Amy Coney Barrett got defensive about her work on the George W. Bush-Al Gore recount when pressed about it by Sen. Amy Klobuchar (D-MN).
Klobuchar pointed out that Barrett would be the third justice who had worked on the Republican legal case in the Bush v. Gore decision that halted the Florida recount, joining Chief Justice John Roberts and Justice Brett Kavanaugh, and the nominee squirmed.
"I did work on behalf of the Republican side," Barrett said. "To be totally honest, I can't remember exactly what piece of the case it was."
Klobuchar told her not to worry, that she would remind her.
"We're in the middle of a global pandemic that is forcing voters to choose between their health and their vote," Klobuchar said. "Are absentee ballots, better known as mail-in ballots, an essential way to vote for millions of Americans right now?"
Barrett said that was a matter of policy she would not comment on, but she admitted to having possibly voted by mail herself in the past.
"I can't really remember a time that I voted by mail," Barrett said. "It may be in college that I did, when i was living away from home, but I can't, as I'm sitting here, specifically recall a time I voted by mail."
She conceded some of her friends and family voted by mail, and Klobuchar explained her concerns.
"You understand we're operating in a moment where the president is undermining vote by mail, even though a number of Republican governors and Republican senators are supportive of it," Klobuchar said. "Many argue that Bush v. Gore, back to your earlier work, hurt the court's legitimacy. If you are confirmed, the Supreme Court will have not one, not two, but three justices -- you, Justice Kavanaugh and Chief Justice Roberts, who worked on behalf of the Republican Party in matters related to the Bush v. Gore case. Do you think that that's a coincidence?"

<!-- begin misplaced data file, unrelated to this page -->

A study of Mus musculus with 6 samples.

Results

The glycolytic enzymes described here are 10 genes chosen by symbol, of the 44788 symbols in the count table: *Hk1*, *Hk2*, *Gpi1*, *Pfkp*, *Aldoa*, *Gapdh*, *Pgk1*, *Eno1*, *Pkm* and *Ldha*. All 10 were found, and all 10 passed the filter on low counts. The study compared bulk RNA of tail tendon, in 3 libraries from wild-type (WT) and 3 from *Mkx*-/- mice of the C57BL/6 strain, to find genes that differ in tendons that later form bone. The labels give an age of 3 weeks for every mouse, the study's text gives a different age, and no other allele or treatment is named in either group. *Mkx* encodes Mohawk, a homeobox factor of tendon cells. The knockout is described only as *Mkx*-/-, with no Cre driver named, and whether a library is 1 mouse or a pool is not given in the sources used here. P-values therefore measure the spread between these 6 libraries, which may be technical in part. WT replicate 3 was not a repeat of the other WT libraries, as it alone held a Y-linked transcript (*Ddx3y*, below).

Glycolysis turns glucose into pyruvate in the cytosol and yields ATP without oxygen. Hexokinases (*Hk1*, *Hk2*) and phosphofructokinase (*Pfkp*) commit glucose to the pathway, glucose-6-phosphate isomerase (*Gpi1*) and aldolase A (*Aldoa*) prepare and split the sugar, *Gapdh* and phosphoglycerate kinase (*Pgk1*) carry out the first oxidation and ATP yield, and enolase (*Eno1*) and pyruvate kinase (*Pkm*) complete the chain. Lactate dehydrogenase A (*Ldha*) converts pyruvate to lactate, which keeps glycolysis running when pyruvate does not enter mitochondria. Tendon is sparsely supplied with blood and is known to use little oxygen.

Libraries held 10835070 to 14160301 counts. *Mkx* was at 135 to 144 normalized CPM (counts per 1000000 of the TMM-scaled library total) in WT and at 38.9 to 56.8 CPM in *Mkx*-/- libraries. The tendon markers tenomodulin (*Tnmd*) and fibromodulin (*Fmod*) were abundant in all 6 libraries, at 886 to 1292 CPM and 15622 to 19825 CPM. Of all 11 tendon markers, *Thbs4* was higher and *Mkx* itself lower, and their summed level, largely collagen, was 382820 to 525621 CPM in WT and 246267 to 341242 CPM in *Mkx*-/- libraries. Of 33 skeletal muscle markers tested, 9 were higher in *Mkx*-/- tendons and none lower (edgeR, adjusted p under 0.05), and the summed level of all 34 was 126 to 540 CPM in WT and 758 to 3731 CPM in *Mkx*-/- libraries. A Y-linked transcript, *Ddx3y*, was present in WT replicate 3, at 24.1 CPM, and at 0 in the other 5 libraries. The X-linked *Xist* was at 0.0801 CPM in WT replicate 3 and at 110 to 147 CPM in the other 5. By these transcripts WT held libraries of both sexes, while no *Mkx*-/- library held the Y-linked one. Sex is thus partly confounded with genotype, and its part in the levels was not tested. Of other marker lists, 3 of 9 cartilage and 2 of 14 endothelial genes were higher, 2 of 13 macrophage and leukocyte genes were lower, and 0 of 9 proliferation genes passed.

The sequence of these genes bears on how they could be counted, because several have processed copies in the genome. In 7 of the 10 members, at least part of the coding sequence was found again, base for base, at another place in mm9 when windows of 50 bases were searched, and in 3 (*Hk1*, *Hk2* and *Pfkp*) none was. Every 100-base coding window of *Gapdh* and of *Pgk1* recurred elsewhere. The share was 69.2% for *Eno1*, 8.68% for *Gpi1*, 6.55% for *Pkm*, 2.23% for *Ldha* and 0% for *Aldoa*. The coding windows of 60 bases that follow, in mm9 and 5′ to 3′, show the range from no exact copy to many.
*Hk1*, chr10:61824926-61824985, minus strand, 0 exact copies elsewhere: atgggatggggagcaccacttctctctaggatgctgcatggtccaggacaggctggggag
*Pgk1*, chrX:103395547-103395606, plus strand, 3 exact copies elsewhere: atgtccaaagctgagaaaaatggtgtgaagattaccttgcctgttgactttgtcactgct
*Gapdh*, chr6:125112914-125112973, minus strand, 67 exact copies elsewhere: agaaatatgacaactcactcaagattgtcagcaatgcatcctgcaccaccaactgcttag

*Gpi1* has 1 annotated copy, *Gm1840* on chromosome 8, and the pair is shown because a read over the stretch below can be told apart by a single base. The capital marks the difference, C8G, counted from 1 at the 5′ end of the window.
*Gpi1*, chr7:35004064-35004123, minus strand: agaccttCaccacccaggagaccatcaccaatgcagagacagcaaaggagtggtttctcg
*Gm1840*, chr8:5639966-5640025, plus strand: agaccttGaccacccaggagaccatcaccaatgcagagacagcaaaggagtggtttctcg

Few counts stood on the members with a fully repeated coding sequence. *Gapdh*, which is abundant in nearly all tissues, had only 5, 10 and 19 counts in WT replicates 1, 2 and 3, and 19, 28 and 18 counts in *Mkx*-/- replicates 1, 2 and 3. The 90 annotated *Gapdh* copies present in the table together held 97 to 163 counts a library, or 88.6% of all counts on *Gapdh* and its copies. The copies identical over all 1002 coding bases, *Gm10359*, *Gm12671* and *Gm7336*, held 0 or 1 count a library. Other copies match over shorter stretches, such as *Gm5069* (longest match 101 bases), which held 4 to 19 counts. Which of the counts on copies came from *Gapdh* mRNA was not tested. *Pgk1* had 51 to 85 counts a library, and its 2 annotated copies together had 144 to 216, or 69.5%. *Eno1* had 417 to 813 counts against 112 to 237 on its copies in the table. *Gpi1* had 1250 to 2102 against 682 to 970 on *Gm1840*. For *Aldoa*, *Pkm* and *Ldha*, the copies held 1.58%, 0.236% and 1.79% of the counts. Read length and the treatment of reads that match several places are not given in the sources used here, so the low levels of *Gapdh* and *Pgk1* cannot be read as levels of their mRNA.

"Sen. Klobuchar, if you're asking me whether I was nominated for this seat because I worked on Bush v. Gore for a very brief period of time as a young associate, that doesn't make sense to me."
Klobuchar said she just wondered why that kept happening.
"I just think it's such a coincidence to me, I actually didn't know it until yesterday," Klobuchar said. "Will having justices with this background, two of whom are appointed by the current president, decide any cases related to the upcoming election, do you think that will undermine the legitimacy of the court?"
Barrett sensed that Klobuchar was trying to pin her down on recusal from election-related cases involving President Donald Trump, and the senator pounced.
"You're right, you said you would announce your decision on recusal and wouldn't commit to recusing," Klobuchar said. "Again, I think the public has a right to know that now three of these justices have worked on the Republican side on a major, major issue related to a presidential election."
"We're in an unprecedented time where we have a president who refuses to commit to a peaceful transfer of power, working to undermine the integrity of this election," Klobuchar said, "and yesterday, you wouldn't commit to recuse yourself from the case we just talked about. But now we're considering your confirmation to the highest court in the land in the midst of this election, and in Smiley v. Holm, where the Supreme Court held that a governor is part of the legislative process and therefore a legislature cannot unilaterally change election rules, that could be very important because we have a number of swing states where we have a legislature of one party, governor of the other, and we have this precedent that has been on the books for nearly 90 years. Do you think that that is established supreme court precedent? It said that a governor is part of the legislative process."
Barrett said she didn't know the case and declined to offer a detailed opinion.
"I actually am not familiar with that case," the nominee said. "But it is precedent -- obviously it's a precedent of the court."